TBR Review: Starpilot’s Grave by Debra Doyle & James D. Macdonald

starpilots-grave

Starpilot’s Grave
by Debra Doyle & James D. Macdonald
Series: Mageworlds #2
Genre: Science Fiction (space opera)
Published by Tor, 1993
E-book, purchased
448 pages
Grade: B+
Synopsis: A broken and drifting ship, its long-dead captain still strapped in the command seal: that’s what free-spacers call a starpilot’s grave. When one of these derelict craft appears in the Net, the artificial barrier zone separating the Republic from the Mageworlds, the discovery is no accident. It’s a sign, a warning that the Mageworlds have not forgotten the Republic – and the Magelords make long plans.

“Still no reply from the target,” she said. “Regular starpilot’s grave over there–no emanations of any kind.”

“Starpilot’s grave?”

“What the merchant spacers call a drifting wreck,” she said.

and

I’m not some kind of oracle, she felt like telling them, but she knew that the outburst wouldn’t do her any good.

Cheers

  • An adventure science fiction. A space opera…my favorite type of science fiction. Very good.
  • Since I read the first book in the series a year and a half ago it took me a few pages to remember all the characters and places!
  • Seven or more threads with different groups’ stories. That makes the overall story complicated. When a thread begins I have to figure out whose story is being told. However, I wanted to find out what that person was doing so once I got into the rhythm of the story it was fine.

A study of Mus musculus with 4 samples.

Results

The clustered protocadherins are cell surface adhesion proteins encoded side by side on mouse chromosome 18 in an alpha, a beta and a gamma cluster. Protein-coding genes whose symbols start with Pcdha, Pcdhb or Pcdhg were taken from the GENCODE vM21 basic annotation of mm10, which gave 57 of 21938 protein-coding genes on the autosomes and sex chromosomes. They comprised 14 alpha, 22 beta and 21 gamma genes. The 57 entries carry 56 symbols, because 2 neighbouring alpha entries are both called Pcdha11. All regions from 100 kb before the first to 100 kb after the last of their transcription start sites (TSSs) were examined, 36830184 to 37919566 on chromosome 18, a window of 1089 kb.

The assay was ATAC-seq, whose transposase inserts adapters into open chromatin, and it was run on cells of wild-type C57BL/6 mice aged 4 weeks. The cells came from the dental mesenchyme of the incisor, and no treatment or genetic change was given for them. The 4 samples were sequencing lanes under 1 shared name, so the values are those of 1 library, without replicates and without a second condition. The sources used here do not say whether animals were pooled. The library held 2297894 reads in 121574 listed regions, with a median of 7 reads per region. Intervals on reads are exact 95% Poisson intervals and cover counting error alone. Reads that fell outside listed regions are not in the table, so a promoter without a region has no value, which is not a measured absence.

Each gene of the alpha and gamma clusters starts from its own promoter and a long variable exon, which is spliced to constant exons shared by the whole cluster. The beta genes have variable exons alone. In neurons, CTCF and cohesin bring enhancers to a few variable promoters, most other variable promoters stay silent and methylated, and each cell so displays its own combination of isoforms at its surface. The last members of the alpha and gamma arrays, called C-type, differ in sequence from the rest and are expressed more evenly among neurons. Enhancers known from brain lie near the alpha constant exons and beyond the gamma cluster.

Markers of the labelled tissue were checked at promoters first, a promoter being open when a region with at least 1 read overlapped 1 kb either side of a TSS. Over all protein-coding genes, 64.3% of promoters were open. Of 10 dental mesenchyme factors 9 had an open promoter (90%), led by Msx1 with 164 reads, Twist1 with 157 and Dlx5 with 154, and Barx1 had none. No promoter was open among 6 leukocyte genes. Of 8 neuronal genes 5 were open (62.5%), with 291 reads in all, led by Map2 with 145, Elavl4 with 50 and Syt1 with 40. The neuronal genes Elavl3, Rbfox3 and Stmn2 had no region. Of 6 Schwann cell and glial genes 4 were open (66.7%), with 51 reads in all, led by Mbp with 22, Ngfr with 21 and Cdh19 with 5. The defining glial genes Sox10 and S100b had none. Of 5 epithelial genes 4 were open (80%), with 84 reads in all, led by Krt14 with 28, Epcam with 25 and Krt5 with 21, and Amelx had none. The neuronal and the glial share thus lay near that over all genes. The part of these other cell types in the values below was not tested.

• One of the threads is from a Magelord’s POV. That was interesting. That introduced a more nuanced view of the Mageworlds and Magelords.
  • Lots more to happen in the next book. Not exactly a cliffhanger, but looks like more of a continuation of the story.
  • The Republic and the Mageworlds is a large area of space. Lots going on especially in this book.
  • Most of the main characters in this book are from the Rosselin-Metadi family. That was more the case in the first book. Many of the characters we met in the first book are very important in this book.
  • The Rosselin-Metadi family is famous throughout the Republic and the Mageworlds. The father–Commanding General Jos Metadi; the mother Perada Rosselin, Domina of Lost Entibor and Councilor for Entibor-in-Exile and the Colonies Beyond (assassinated in book 1); the oldest son Lieutenant Ari Rosselin-Metadi; the daughter Beka Rosselin-Metadi; the youngest son Owen Rosselin-Metadi.
  • The event which caused most of the actions and reactions in book one–the assassination of Perada Rosselin–still moves some of the action in this book.

Jeers

  •  I really enjoyed the book, but it’s definitely a middle book connecting the first and third books. The first book had more of a definite ending with shadows of things to come. This end of the book isn’t an end so much–more a lull in the action. Since the third book is written and I want to read it that’s not too much of a problem.

And a few thoughts . . .

  • This is my book for the February TBR Challenge hosted by Wendy @ The Misadventures of Super Librarian. The theme this month is a book someone recommended to me. Li @  Me and My Books recommended this book to me. I read the first book in the series–The Price of the Stars–based on her recommendation. Then she recommended the second book. And it took me a year and a half to get it read [hanging my head]
  • I am going to buy the third book and hope to get to it soon.

Have you read this book? How did you like it?